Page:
Hay fever, officially called allergic rhinitis, is an allergic response to environmental allergens. These include mold, dust mites, pet dander and pollen. Hay fever affects one in five people. Some people have symptoms all year round while others experience worse symptoms during particular seasons.
Hay fever symptoms include puffy, itchy, watery eyes, runny nose, nasal congestion, sneezing, cough, sinus pressure, facial pain, allergic shiners (swollen, blue skin under the eyes), itchy mouth, nose or throat and decreased sense of taste or smell. Hay fever sufferers may experience some or all of these symptoms, but they will begin immediately after exposure to the allergen or allergens.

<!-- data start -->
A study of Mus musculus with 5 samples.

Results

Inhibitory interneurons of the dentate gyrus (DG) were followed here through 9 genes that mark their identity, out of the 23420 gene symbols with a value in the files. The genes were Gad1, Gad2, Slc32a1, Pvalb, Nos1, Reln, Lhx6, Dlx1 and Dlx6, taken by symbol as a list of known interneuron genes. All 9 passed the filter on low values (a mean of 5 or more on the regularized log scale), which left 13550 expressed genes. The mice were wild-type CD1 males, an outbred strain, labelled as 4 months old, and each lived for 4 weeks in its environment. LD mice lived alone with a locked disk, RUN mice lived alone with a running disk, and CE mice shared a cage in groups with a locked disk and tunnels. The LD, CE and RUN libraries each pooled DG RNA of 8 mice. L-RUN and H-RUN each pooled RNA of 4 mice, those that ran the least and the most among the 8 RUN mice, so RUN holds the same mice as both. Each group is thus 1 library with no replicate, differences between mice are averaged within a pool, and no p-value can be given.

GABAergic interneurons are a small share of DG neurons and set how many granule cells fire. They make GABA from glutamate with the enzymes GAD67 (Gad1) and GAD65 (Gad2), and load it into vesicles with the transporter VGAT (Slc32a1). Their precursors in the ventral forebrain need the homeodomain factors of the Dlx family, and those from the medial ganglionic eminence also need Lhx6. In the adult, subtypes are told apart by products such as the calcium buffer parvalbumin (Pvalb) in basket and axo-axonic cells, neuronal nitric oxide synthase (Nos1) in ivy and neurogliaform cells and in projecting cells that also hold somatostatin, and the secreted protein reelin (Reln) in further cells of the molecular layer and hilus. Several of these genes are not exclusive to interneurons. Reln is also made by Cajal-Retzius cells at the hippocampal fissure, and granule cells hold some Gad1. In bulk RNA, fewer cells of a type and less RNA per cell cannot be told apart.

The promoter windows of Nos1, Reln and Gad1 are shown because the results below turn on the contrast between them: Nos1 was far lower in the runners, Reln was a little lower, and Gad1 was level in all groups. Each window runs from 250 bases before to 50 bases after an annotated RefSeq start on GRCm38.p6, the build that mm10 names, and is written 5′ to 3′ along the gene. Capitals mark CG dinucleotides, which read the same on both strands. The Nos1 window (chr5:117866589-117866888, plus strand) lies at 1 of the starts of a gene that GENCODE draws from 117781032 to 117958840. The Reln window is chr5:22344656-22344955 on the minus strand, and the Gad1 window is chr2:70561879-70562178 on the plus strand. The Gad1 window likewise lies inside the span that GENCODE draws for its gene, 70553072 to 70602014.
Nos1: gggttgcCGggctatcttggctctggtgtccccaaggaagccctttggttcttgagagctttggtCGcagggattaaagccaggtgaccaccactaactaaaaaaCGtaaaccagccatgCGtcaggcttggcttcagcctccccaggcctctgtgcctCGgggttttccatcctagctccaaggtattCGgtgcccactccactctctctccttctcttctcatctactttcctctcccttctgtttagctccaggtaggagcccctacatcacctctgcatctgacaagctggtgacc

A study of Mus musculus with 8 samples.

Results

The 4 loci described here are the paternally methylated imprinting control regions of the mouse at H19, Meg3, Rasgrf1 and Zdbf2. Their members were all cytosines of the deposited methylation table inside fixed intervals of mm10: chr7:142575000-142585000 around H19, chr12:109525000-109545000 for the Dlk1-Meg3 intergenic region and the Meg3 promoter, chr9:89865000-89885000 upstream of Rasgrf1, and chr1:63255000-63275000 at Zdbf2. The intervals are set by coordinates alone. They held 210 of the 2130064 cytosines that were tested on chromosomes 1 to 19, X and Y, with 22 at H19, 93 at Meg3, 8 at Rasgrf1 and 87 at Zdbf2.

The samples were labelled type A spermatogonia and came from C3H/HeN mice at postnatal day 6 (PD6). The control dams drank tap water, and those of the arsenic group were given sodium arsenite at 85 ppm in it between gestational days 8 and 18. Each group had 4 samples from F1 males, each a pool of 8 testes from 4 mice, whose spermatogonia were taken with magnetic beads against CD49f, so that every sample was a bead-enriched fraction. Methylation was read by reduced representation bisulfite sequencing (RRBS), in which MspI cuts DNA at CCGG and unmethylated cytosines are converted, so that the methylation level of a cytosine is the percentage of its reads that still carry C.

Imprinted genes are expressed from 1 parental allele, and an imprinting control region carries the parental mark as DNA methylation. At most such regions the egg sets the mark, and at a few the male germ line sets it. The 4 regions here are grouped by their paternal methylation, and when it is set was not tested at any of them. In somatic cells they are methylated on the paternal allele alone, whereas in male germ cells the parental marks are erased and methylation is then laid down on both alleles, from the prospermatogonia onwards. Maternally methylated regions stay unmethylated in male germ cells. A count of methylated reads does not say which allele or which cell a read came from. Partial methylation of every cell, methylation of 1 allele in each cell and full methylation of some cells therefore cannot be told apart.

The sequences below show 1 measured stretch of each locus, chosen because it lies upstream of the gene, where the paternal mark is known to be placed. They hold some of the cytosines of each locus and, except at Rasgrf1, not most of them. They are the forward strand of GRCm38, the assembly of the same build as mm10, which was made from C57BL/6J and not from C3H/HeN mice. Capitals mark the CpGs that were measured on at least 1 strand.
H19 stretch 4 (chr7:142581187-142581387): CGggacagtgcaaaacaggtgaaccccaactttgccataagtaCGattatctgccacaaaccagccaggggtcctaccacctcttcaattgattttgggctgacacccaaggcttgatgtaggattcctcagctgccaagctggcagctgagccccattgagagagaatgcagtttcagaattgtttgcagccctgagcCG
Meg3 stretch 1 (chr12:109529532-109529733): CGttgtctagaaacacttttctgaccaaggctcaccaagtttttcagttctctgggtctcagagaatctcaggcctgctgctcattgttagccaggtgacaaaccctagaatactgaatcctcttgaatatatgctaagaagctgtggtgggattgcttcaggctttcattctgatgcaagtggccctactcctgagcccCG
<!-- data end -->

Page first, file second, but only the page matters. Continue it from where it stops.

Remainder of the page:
Hay fever symptoms seem similar to symptoms of the common cold. If you're not sure which you have, here are some ways to tell: You may have a fever when you have a cold while hay fever does not cause a fever. A runny nose caused by hay fever will produce thin and colorless discharge while with a cold it may be thick and yellow. A cold will go away after no more than a week while hay fever symptoms will persist until you are no longer exposed to the allergens.
Hay fever can reduce the quality of your life, interfere with your productivity at work and/or school, and prevent you from being able to enjoy your activities.
Most people who have hay fever develop it either during childhood or during early adulthood. The severity of their symptoms may change over time, often slowly diminishing over the course of decades.
If you have symptoms of hay fever, you should see an allergist for a proper diagnosis and find out what course of treatment is right for you.